War Heroes Honoured


(from the Globe & Mail newspaper for Wednesday January 7th 1903.)


A Reception and Presentation at Guelph




King’s Sergeant John Wilkinson and Corporal Minchin

Each man presented with a purse of gold ─ a complimentary banquet




A public reception was held in the Guelph City Hall tonight, January 6th, by members of the 1st Brigade of  Field Artillery, their friends in Puslinch and in Guelph, to King’s Sergeant John Wilkinson and Corporal Minchin, two heroes of Hart’s River, South Africa, who were severely wounded in that stubborn engagement.


Before 8 o’clock, the hall was filled and many had to be seated in the old hall.  Lieut.-Col Nicoll and the heroes of the evening entered the hall, followed by a large number of gentlemen in military uniform, who took their seats on the platform amidst prolonged cheering.  Among those present were Lieut.-Cols. Acheson, Mutrie, MacDonald, Davidson, McCrae, Higinbotham, white, Major Merewether, Capt. And Adjt. Wideman, Capt. Limpert, Capt. Bruce, Capt. P. D. McLaren, Capt. A. T. Hobbs, Lieuts. Gilchrist, Knowles, Foster, Brigade Sergt. Young, Lieut. Wideman, Lieut. Zoar.


When Lieut.-Col Nicoll stood up, with Sergt. Wilkinson on his right and Corp. Minchin on his left, the building rang with cheers, while heartfelt sympathy went out to the maimed heroes, Wilkinson minus his right eye and arm, and Minchin, so maimed from a bullet wound in the leg that he had to support the maimed member on a chair.


Lieut.-Col Nicoll delivered an able and patriotic address.  It gave him great pleasure on behalf of himself and military men in general to see such a large turnout to express and recognize the services of two esteemed citizens, who to many of them were comrades at the home camp, and who recently had done soldiers’ duties on the field in South Africa.  They were two young men who had volunteered to assist in upholding the dignity of the British Empire.  They had not done that alone, but they had also brought before the world the real mettle of Canadians.  We had reason to be proud of them and the duty that they had performed.  They had the true British spirit and determination to “do or die” and the Canadians who fought bore their wounds unflinchingly and died before they would yield.  All credit to them.  The Colonel’s remarks were received with cheers.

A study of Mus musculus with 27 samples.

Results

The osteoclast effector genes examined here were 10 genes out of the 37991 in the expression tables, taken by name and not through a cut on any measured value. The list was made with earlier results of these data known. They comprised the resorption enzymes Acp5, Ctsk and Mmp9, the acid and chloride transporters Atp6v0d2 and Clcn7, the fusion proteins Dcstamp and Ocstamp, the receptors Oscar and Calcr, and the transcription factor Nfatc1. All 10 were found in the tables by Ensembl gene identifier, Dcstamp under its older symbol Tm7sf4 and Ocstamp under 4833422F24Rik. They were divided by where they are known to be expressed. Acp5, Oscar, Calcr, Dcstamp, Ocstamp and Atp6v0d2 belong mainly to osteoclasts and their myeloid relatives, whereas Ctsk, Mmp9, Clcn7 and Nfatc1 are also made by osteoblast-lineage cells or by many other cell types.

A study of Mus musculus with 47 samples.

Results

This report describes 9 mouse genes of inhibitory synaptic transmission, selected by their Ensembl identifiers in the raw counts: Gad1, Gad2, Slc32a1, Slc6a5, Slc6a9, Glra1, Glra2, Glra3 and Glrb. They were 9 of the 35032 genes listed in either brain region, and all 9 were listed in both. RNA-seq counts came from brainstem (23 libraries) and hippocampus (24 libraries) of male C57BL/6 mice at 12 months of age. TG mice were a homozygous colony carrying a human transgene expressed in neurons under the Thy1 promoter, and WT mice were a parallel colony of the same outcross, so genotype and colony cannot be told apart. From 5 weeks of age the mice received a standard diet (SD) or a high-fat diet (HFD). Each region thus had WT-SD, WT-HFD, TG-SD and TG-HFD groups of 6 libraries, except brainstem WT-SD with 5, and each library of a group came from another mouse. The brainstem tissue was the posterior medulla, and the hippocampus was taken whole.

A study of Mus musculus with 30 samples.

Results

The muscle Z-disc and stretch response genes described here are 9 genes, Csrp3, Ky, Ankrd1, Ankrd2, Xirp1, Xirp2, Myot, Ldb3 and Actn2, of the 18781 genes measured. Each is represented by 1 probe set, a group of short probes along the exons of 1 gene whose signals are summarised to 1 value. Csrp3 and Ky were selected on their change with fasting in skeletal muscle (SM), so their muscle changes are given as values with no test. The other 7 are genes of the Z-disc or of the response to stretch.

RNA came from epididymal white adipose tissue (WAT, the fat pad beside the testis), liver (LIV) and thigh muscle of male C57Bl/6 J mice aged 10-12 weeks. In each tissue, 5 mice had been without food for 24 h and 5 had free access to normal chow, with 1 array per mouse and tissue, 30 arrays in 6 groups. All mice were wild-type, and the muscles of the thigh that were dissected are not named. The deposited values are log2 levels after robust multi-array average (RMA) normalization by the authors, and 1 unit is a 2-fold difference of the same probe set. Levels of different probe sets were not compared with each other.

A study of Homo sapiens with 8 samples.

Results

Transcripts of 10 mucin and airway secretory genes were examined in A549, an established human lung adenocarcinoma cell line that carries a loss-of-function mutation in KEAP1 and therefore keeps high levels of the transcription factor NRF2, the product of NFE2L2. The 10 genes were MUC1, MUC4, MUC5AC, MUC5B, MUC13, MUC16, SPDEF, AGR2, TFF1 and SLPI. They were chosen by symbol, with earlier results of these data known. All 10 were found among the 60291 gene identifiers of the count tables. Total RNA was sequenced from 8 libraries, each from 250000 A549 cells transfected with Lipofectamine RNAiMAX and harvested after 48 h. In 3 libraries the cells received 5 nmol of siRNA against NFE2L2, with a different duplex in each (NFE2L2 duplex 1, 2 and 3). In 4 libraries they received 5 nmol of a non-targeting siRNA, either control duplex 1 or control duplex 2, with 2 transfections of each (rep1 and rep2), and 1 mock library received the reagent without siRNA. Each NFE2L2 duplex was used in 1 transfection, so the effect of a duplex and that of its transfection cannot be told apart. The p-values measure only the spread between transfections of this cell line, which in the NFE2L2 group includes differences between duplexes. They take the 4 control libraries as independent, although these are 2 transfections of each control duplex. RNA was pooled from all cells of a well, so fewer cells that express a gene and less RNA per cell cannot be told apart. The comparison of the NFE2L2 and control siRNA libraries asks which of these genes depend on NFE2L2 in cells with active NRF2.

Lieut.-Col. Davidson was called upon and read letters of regret from Police Magistrate Saunders, Capt. Clarke, Lieut.-Col. Peters, Col. Drury, Col. Cotton, Sir Frederick Borden, Lieut.-Col. Duff, and Capt. Bruce Carruthers.


Sergt. Broadfoot read an appreciative address.  Sergt. Robertson presented both men with well-filled purses of gold.


Sergeant Wilkinson did not think the English language could express his feelings at the great reception which he and his comrade had been tendered tonight, and the manifest kindness and interest which one and all seemed to take in them, especially himself, from the time he had left Guelph until the time he had returned.  He was always proud of the old County of Wellington, and had endeavoured to be no disgrace to it.  On the field of battle, he had only done a soldier’s duty.  He did not regret going to South Africa, nor the wounds that he had received.  If he was as good a man as he was thirteen months ago, he would return again.  He had been maimed for a good cause.  He then related the incidents of the fight at Hart’s River, where a handful of men were surrounded by 600 Boers.  He gave particular praise to Mrs. Manning, in Natal, for nursing the wounded.


Corporal Minchin made a brief reply, paying a high compliment to his comrade’s bravery.  He had just come from the hospital in Galt to attend this meeting.  He would have to return again tomorrow.  He did not like to be penned up, but he could not help it.


Complimentary and appropriate speeches then followed, by J. P. Downey, M.P.P., Lieut.-Col. White, Lieut.-Col. Acheson of the 29th, Chaplain Ridley, 20th, and Hugh Guthrie, M.P., after which the meeting broke up with cheers for the King, the heroes, and the Chairman.


After the meeting, the soldiers were entertained to a banquet at the Commercial Hotel.




Note:  Although Corporal Minchin’s first name was not mentioned in the report, it is likely that the Corporal is John K. Minchin, of Milton.